Gun dealer to get police notes in firearm audit lawsuit

The content originally appeared on: Trinidad and Tobago Newsday

Police Commissioner Erla Harewood-Christopher. –

POLICE Commissioner Erla Harewood-Christopher has been ordered to provide the contemporaneous notes made by one of her officers during a search of a Chaguanas firearms dealership in 2022.

On February 22, Justices of Appeal Maria Wilson and Ronnie Boodoosingh allowed part of an appeal filed by licensed firearm dealer Towfeek Ali, director of the Firearms Training Institute Ltd (FTI), based in Chaguanas.

Ali challenged the police’s authority to conduct an “audit” of FTI’s business on October 8, 2022. His lawsuit was filed after five police officers went to the dealership. In his lawsuit, Ali maintained the officers failed to specify the nature of the audit but demanded that Ali produce his import permits for the firearms purchased by FTI.

The documents were handed over and Ali allowed the “audit” to take place because he said he believed he would be arrested if he did not comply with the officers’ directives.

Several weapons, ammunition, registers and other documents were seized and Ali was not allowed back into the business until October 27.

In his lawsuit, Ali complained actions of the officers were unreasonable, irrational, illegal, disproportionate, used in bad faith and/or constituted an abuse of power as the Firearms Act did not allow the police to carry out such an “audit.”

It only allows for police to “inspect” the stock in hand and registers of licensed firearm dealers.

He subsequently received permission to pursue his case and an injunction which ordered the officers to return the firearms and ammunition.

At the case management stage, the presiding judge, Justice Devindra Rampersad, ordered disclosure relating to the directions given to the officers and by whom.

However, Ali approached the Court of Appeal for the notes taken by each of the officers, the reports they prepared and all information, evidence and material to support the search warrants they obtained to search his business.

Wilson and Boodoosingh held the judge made two errors when denying Ali’s request for the contemporaneous notes taken by the officers during the search.

They ordered the commissioner to disclose the contemporaneous notes made by PC Kelsey Francis during the search since she said she was the “scribe” on the exercise.

“The judge’s reasons demonstrated that he was on top of the issues in the case and a wide margin has to be given to his exercise of discretion.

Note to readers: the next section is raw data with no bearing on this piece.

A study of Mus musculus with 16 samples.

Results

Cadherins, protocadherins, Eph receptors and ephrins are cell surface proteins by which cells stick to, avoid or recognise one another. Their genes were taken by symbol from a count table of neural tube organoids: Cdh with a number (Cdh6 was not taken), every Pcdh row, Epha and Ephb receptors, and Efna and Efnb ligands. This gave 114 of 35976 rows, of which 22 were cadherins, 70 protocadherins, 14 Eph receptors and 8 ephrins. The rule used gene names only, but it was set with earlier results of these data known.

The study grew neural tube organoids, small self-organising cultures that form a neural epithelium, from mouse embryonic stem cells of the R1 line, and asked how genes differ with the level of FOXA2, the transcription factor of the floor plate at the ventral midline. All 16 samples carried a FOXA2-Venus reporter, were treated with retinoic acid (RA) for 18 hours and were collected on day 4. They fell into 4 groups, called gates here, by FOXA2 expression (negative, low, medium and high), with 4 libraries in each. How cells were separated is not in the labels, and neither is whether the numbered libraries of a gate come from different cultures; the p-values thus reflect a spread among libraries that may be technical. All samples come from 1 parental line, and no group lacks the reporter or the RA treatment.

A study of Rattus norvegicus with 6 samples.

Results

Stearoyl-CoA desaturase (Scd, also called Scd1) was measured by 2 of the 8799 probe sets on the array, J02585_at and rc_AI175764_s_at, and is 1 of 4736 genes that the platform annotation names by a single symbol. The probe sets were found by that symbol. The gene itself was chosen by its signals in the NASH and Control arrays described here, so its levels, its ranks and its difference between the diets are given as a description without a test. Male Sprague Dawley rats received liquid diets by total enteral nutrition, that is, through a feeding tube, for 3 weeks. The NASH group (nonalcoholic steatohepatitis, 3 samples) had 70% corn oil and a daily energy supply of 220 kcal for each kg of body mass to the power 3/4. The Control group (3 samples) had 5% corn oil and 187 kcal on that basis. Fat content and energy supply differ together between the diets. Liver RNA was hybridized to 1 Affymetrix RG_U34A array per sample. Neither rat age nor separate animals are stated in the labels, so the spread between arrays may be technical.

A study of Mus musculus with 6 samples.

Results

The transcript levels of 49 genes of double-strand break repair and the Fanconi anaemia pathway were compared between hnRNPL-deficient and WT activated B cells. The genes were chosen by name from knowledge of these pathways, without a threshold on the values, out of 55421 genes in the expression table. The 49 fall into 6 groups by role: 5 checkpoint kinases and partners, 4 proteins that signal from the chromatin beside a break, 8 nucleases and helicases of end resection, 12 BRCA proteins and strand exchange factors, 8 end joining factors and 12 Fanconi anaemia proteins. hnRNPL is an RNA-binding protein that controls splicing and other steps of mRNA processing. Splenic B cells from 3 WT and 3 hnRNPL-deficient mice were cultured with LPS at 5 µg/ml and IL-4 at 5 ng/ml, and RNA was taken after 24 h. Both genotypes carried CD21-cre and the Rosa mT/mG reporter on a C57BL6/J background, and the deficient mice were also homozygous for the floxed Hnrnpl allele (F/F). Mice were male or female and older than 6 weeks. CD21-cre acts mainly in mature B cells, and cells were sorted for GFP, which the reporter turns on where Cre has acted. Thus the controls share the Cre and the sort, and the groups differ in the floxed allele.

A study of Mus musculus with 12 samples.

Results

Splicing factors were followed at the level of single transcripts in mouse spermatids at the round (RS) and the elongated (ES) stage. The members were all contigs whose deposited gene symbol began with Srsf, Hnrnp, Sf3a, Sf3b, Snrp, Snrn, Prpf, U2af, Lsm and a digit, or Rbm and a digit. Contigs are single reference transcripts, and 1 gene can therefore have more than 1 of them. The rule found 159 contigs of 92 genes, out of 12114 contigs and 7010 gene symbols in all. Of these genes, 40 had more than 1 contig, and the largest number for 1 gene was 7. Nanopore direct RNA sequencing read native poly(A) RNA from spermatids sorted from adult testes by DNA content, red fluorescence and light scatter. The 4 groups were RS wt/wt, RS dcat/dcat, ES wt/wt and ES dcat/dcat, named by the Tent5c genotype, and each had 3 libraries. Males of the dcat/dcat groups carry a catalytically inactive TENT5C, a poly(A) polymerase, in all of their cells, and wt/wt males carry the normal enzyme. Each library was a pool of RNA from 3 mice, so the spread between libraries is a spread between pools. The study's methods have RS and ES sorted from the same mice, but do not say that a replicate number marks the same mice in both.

“Further, only one witness made categorical reference to taking notes and identified herself as the designated ‘scribe.’

“In that sense, it would be of particular relevance for the parties to have regard to those notes so that they can better inform the judge on how conflicts on the evidence should be resolved,” Boodoosingh, who wrote the unanimous decision said.

He said Rampersad deprived himself of the benefit of having access to PC Francis’s notes as the scribe.

Although they found the judge correctly identified the issues in the case, Boodoosingh said determining what occurred, where there is a significant conflict of facts, had to be resolved by examining the evidence advanced by both sides.

“It is in that context that the contemporaneous notes would be relevant as they would shed light on what took place as recorded contemporaneously and not at a later time after litigation had commenced. It has often been said that in fact finding the court ought to check the assertions by witnesses against contemporaneous documents.”

Two other complaints of the judge’s failure to order disclosure of the officers’ reports and the evidence they used to get their warrants were dismissed by the judges.

The matter will now return to the judge for the hearing of Ali’s substantive claim since it had been put on hold pending the outcome of the procedural appeal.

Ali was represented by Anand Beharrylal, KC, Kiel Taklalsingh, Asif Hosein-Shah and Ananda Rampersad while Russell Martineau, SC, Tamara Toolsie, Adita Ramdular, Amrita Ramsook and Vincent Jardine represented the commissioner, acting ASP Wayne Brown and acting Insp Lyndon Mascall who were named as the defendants in Ali’s lawsuit.